Sources of Organic Soil Amendments

Soil amendments, defined as material added to soil to improve its structure or add nutrients, fall into two groups: organic and inorganic. Organic soil amendments, defined as soil amendments derived from living organisms, add organic matter to the soil. Inorganic soil amendments are either mined from the earth or manufactured. Organic soil amendments improve drainage, increase aeration and provide slow-release nutrients.


Well-rotted animal manure adds organic matter to soil that acts as both to fertilize and to improve the texture of the soil. Composted manure comes in bags but is commonly purchased by the truckload. Spreading the manure over the soil and working it into the top 6 inches increases aeration and improves drainage. It is also typically high in nutrient value, but nutrient value does depend on the type of manure used. Manure requires at least a year to decompose. Amending soil with fresh manure carries the risk of burning young roots or seedlings.


Composted yard and garden wastes create an effective organic soil amendment and may be the best organic soil amendment for your garden, according to the University of Colorado Extension. Added to the entire garden area or applied to the planting holes for seedlings, compost improves drainage, increases aeration and provides a good source of nutrients for growing plants. It also encourages beneficial microorganisms in the soil. Allow organic matter to fully decompose in your compost bin before you use it. Compost is ready when it is dark and crumbly and smells like fresh earth.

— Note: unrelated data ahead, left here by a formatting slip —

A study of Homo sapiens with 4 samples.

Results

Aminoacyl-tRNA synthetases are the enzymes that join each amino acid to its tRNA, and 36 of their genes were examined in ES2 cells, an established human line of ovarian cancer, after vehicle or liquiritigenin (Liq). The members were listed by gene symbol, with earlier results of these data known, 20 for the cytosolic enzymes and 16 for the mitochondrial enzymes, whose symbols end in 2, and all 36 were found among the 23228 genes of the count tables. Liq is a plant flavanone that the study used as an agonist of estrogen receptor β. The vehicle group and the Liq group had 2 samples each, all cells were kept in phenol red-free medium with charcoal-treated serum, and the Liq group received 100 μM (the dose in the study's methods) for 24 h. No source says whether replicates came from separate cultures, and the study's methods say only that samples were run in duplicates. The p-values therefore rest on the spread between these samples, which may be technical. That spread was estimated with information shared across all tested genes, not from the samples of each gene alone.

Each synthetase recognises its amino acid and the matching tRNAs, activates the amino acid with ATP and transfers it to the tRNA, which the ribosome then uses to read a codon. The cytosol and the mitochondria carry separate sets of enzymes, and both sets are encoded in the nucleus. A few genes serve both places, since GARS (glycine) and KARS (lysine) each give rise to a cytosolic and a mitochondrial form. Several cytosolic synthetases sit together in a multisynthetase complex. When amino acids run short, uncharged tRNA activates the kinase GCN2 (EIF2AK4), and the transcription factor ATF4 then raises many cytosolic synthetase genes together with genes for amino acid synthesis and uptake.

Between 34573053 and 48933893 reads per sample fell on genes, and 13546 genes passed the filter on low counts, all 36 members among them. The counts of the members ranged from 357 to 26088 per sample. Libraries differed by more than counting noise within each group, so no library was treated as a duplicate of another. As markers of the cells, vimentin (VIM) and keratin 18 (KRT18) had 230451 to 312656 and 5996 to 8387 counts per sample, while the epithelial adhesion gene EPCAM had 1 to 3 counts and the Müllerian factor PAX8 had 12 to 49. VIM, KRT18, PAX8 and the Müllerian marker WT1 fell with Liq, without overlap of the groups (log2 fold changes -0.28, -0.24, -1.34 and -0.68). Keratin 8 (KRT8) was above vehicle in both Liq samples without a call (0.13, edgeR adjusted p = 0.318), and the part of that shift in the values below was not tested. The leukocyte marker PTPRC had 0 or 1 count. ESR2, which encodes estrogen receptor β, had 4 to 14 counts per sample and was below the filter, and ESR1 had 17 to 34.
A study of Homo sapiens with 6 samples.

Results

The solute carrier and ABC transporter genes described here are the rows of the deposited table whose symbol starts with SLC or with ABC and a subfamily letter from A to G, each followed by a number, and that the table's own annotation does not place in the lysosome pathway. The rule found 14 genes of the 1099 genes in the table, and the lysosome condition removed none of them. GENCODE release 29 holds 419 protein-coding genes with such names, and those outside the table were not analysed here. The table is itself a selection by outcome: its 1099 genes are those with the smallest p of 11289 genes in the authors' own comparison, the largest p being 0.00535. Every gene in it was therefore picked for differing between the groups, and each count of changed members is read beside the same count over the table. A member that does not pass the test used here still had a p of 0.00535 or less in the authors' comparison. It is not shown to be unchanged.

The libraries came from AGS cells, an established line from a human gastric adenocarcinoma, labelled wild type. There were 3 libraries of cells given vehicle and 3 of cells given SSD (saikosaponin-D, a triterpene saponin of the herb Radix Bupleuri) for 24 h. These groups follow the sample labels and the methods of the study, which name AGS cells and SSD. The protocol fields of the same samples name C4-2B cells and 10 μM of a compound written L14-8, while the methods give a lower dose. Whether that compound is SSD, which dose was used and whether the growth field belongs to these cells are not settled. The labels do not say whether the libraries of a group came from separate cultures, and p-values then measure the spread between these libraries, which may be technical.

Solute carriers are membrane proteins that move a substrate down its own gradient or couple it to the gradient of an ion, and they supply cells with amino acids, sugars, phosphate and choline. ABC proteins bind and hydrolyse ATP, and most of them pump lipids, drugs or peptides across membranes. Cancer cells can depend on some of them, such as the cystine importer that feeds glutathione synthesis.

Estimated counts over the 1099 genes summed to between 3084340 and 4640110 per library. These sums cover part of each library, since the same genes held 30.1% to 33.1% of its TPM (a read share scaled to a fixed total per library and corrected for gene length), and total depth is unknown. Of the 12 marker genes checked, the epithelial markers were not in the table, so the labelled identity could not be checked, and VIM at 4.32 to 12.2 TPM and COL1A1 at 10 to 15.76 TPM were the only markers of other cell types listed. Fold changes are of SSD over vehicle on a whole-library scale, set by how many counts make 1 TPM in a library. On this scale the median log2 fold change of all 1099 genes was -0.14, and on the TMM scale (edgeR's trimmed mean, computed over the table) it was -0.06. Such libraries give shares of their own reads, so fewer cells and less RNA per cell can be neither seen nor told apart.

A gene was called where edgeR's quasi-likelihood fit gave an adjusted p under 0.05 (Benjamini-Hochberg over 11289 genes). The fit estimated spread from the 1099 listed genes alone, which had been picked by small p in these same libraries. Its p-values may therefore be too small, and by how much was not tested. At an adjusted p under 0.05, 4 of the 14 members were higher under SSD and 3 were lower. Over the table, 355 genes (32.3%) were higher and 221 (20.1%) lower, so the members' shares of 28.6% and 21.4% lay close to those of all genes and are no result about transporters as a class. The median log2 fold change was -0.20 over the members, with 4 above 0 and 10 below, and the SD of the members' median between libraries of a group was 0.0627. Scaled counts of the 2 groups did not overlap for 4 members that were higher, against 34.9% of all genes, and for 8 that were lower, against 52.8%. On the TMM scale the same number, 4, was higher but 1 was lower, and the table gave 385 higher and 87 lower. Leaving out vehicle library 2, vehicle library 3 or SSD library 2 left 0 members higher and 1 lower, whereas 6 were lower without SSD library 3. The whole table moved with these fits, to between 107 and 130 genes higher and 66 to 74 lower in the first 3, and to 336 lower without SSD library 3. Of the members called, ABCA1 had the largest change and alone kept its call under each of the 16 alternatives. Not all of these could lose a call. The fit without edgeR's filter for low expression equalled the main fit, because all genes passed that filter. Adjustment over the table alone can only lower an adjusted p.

Peat Moss

Peat moss, sold in bags at hardware stores or home improvement centers, loosens soil and increases it water-holding capacity. It is especially useful in sandy soils. When mixed into the top 6 inches of soil, peat moss improves texture and increases aeration. Peat moss is acidic and may lower the pH of your garden. When using peat moss, test your soil periodically to determine the pH, and adjust as necessary.

Leaf Mold

Decomposed leaves are referred to as leaf mold. Although many gardeners prefer to add fallen leaves to the compost bin along with other organic wastes, leaves can be composted separately and added to the garden as an organic soil amendment. Like compost, leaf mold improves texture and encourages beneficial microorganisms.

Keywords: soil amendments, organic soil amendments, amend soil

About this Author

Nannette Richford is an avid gardener, teacher and nature enthusiast with 4 years experience in online writing and a lifetime of personal journals. She is published on various sites, including Associated Content. Richford holds a Bachelor of Science in secondary education from the University of Maine Orono and certifications in 7-12 English, K-8 General Elementary and Birth to age 5.